The Roman Agora (Market of Caesar and Augustus) is located to the east of the original Classic Greek Agora and to the north of the Acropolis . The easiest way to get to the site is by metro. Get off at Monastiraki station, exit to the square and you’ll be able to see the entrance to Hadrian’s Library to the right. A bit more to the right is the Roman Agora (the entrance is close to the Tower of Winds, though).
According to an inscription on the western gate, the Roman Agora was built in the 1st century B.C. with the funds provided by Julius Caesar and Augustus.
Opening hours and tickets
The Roman Agora is open, during winter, every day from 8 a.m. to 7 p.m. During the summer, you can visit it daily (except on Mondays) from 8 a.m. to 7:30 p.m. and on Mondays from 11 a.m. to 7:30 p.m.
A ticket costs €2 (adult) but you can also use the €12 combined ticket purchased at any of the other sites within the “archeological park” of Athens. If you visit Athens during winter, entrance to the Roman Agora (and the Tower of Winds) is free every Sunday between Nov 1 and March 31.
The Roman Agora consists of an open-air courtyard, surrounded by colonnades on all the sides. On the eastern side, there were shops. The main entrance was on the west (The Gate of Athena Archegetis) and the second entrance was on the east.
The Roman Agora apparently became the main market in the city , while the Ancient Agora had become an archeological park by that time.
The Tower of Winds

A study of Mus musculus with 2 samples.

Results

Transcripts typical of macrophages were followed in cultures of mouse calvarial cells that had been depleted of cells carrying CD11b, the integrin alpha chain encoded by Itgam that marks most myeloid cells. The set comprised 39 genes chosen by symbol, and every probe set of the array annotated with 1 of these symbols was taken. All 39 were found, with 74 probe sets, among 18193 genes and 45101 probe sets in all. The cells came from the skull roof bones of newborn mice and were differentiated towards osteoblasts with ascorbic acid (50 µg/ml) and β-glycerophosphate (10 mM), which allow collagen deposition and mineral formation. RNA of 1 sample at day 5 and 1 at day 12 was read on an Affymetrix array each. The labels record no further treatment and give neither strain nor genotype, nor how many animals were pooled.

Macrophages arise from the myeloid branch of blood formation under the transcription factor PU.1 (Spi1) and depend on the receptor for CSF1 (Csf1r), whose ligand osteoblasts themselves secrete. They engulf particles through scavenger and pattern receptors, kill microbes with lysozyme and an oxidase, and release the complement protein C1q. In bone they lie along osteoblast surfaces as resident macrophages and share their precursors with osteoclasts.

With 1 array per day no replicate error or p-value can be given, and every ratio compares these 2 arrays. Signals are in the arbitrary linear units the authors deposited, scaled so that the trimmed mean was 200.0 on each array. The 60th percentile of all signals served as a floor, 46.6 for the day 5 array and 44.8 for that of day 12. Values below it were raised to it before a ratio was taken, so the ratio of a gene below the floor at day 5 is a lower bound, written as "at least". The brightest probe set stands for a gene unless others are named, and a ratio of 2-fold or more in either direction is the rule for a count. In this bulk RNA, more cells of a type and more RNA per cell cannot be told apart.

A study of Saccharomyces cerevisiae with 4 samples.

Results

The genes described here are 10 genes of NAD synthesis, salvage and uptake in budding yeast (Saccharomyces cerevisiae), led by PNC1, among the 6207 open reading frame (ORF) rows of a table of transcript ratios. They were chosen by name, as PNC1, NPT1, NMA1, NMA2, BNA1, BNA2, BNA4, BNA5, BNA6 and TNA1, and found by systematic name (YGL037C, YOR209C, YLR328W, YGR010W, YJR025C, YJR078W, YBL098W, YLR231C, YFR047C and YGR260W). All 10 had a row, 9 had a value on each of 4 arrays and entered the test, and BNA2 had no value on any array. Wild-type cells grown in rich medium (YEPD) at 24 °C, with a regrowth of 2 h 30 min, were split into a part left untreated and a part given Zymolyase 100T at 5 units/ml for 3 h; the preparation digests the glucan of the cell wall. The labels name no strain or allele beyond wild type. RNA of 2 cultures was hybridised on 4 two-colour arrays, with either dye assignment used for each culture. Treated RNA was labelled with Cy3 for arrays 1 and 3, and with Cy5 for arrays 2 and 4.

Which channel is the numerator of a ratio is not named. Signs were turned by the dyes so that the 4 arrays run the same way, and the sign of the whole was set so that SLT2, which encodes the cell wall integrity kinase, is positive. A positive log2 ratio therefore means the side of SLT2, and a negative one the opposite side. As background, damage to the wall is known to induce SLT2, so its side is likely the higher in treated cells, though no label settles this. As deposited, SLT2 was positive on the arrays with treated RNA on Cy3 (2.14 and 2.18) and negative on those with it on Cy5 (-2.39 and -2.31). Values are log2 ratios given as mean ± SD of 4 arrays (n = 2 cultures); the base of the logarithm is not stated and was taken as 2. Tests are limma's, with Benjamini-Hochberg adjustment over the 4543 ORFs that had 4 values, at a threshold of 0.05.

This is the most important building within the Roman Agora, located east of the Agora. It is an octagonal Pentelic marble clocktower, combining the features of sundials, a water clock and a wind vane. Some historians say was built around 50BC but other sources say it might have been built in the 2nd century, before the rest of the forum. It was designed by the famous astronomer Andronikos of Kyrrhos.
The tower is 12 m high and in antiquity it was topped by a weathervane-like Triton that indicated the wind direction. Below there are the eight wind deities: Boreas , Kaikias, Eurus , Apeliotes , Notus , Livas (, Zephyrus , and Skiron. The interior was a water clock , driven by the water coming from the Acropolis.
In early Christian times, the tower was used as a bell tower for the Byzantine Church, while in the Ottoman era, it became a tekke.
The Gate of Athena Archegetis
It is considered the second most important structure in the Roman Agora and was built in 11 BC. It is located in the west part of the Roman Agora and was made of four Doric columns and a base of marble. The monument was dedicated by the Athenians to their patroness Athena Archegetis.
Other buildings in the Roman Agora:
- The East Propylon: is the eastern entrance to the Roman Agora and was built between 19-11 BC.
- The Fethiye Mosque: it was built in the 15th century and is located on the northern side of the Roman Agora. It was built on the ruins of a Byzantine basilica. After the Greek independence , it was used as a military bakery until the 20th century. Now it’s used for storage of the artifacts found in the Agora and on the Acropolis.
- Agoranomion: a rectangular building, located to the east of the Roman Agora. It still preserved the façade.
- The public latrines
More photos from the Roman Agora
All photos by Cristina Puscas and may not be used without permission.